Oil pulling: does it work?

Oil pulling is the latest craze sweeping the oral health world. Some people swear by this morning ritual, claiming that its benefits are numerous. But does it actually have any effect?

Despite its name, oil pulling doesn’t really involve much pulling, at least not on your part. This age-old oral cleansing method originates from Ayurvedic medicine and involves swishing oil around your mouth.

More than 3,000 years ago, Ayurvedic natural medicine text Charaka Samhita claimed that ‘oil gargling’ could act as a natural remedy for oral diseases. Oil pulling is supposed to ‘pull’ bacteria and other debris from the teeth and gums, in turn strengthening teeth and promoting immunity.

Today alternative medicine advocates are embracing the practice. Websites devoted to oil pulling are sprouting up across the internet, as wellness bloggers claim it’s changed their lives.

To properly perform the technique, you should suck one or two teaspoons of oil in your mouth for 20 minutes each morning. It’s like gargling with mouthwash, only for longer and on an empty stomach.

After pulling the oil should be spat out, because by that stage it will apparently be loaded with toxins. You should then rinse your mouth thoroughly and clean your teeth as normal to kill off any remaining bacteria.

Oil pulling is claimed to cleanse the mouth of toxins like heavy metals, parasites, pesticides, preservatives, additives, hormones and other environmental toxins.

According to anecdotal evidence, the practice promises not just a brighter smile, but also better overall health. Supporters of oil pulling say it can treat chronic pain, insomnia, cavities, allergies, thrombosis, diabetes, asthma, bad breath, gingivitis, digestive issues, meningitis, low energy, heart disease, kidney disease, PMS, leukaemia and even AIDS.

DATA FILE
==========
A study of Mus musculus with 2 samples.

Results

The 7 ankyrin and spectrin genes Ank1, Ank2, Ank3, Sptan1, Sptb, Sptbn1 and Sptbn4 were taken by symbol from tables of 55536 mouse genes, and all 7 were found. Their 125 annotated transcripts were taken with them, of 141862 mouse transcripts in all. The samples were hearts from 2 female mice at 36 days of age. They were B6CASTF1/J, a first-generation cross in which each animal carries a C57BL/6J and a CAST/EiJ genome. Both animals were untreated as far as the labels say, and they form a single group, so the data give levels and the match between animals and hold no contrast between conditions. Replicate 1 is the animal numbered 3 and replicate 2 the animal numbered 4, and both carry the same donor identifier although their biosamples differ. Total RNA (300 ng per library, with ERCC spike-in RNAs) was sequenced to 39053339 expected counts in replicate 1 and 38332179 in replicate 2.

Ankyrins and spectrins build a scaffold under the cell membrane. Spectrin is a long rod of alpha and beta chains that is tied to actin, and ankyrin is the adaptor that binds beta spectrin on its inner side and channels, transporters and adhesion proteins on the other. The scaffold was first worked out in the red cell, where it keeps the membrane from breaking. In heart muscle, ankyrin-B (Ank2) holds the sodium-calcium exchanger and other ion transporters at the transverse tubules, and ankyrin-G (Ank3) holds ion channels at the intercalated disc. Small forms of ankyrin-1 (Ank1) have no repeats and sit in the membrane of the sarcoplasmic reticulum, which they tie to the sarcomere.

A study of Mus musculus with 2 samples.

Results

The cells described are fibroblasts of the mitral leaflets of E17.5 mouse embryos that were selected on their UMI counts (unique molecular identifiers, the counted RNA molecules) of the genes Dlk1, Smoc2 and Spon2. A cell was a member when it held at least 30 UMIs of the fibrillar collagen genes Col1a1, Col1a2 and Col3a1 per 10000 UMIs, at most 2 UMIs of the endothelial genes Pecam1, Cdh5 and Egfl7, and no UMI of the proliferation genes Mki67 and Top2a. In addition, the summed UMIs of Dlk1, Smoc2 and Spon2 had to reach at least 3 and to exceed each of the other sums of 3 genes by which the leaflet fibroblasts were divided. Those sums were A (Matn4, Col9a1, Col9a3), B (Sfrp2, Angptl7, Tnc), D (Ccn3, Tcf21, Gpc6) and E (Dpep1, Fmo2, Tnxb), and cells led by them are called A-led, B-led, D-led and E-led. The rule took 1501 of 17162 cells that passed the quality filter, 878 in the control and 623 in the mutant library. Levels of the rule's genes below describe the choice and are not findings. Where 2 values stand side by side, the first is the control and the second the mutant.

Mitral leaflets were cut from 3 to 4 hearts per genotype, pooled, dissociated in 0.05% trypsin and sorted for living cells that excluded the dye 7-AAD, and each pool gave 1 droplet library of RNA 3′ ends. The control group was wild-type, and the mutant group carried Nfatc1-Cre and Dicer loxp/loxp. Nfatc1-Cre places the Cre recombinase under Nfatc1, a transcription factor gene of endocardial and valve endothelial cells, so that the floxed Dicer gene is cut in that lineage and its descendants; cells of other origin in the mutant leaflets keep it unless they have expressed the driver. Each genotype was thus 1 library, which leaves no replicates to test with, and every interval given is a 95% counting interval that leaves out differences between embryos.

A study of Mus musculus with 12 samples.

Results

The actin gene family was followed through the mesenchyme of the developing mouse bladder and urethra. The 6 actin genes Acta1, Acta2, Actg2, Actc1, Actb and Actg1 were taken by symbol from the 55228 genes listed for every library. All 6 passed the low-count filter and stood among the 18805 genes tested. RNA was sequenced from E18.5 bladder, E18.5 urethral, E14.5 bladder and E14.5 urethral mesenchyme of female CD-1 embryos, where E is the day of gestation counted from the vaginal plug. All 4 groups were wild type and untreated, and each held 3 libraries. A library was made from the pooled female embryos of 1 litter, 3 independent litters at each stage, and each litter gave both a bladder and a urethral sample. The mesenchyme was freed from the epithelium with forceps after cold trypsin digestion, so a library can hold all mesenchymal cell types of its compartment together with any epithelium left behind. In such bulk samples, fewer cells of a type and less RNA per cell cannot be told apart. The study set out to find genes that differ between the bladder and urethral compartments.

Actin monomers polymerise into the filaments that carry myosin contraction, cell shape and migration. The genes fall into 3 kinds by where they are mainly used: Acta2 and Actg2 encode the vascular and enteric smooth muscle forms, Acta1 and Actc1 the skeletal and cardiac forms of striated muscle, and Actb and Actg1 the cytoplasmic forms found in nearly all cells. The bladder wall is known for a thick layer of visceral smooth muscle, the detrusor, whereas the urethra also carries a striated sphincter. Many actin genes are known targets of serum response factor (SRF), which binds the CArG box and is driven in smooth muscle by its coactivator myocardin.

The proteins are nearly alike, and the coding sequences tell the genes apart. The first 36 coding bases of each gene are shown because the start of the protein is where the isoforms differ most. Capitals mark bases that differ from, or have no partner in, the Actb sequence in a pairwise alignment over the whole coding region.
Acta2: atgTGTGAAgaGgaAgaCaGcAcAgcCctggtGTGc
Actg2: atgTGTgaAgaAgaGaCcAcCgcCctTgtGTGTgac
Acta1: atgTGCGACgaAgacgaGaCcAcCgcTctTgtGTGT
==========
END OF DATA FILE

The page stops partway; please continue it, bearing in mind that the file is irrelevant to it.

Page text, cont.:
Yet despite its growing popularity, there is no scientific evidence to back oil pulling’s supposed benefits.

Derek Lewis, an Australian Dental Association Oral Health Committee member, is sceptical.

“Some of the claims about oil pulling are really quite extraordinary,” he says. “You have to be suspicious when something offers such a broad spectrum of benefits.

“I’d rather patients spend 20 minutes just brushing with fluoridated toothpaste, flossing, eating the right foods and avoiding fizzy drinks – all the usual proven but boring things, but the things that we know work.”

A dentist for more than three decades, Dr Lewis says oil pulling is unlikely to cause damage to the mouth.

“There’s no potential to cause damage that I can understand because there’s really nothing much in the oil. But whether that amount of rinsing changes the bacteria load or changes the flora in the mouth for better or worse is unknown, and it’s unlikely there will be any research,” he says.

“There’s no evidence to show that it works so it cannot be recommended as an appropriate part of oral hygienic measures. It certainly shouldn’t take place of routine brushing twice a day and flossing once a day.”

Sesame, sunflower or coconut oil is most commonly used in oil pulling, and is sometimes herbalized with turmeric to enhance its effect.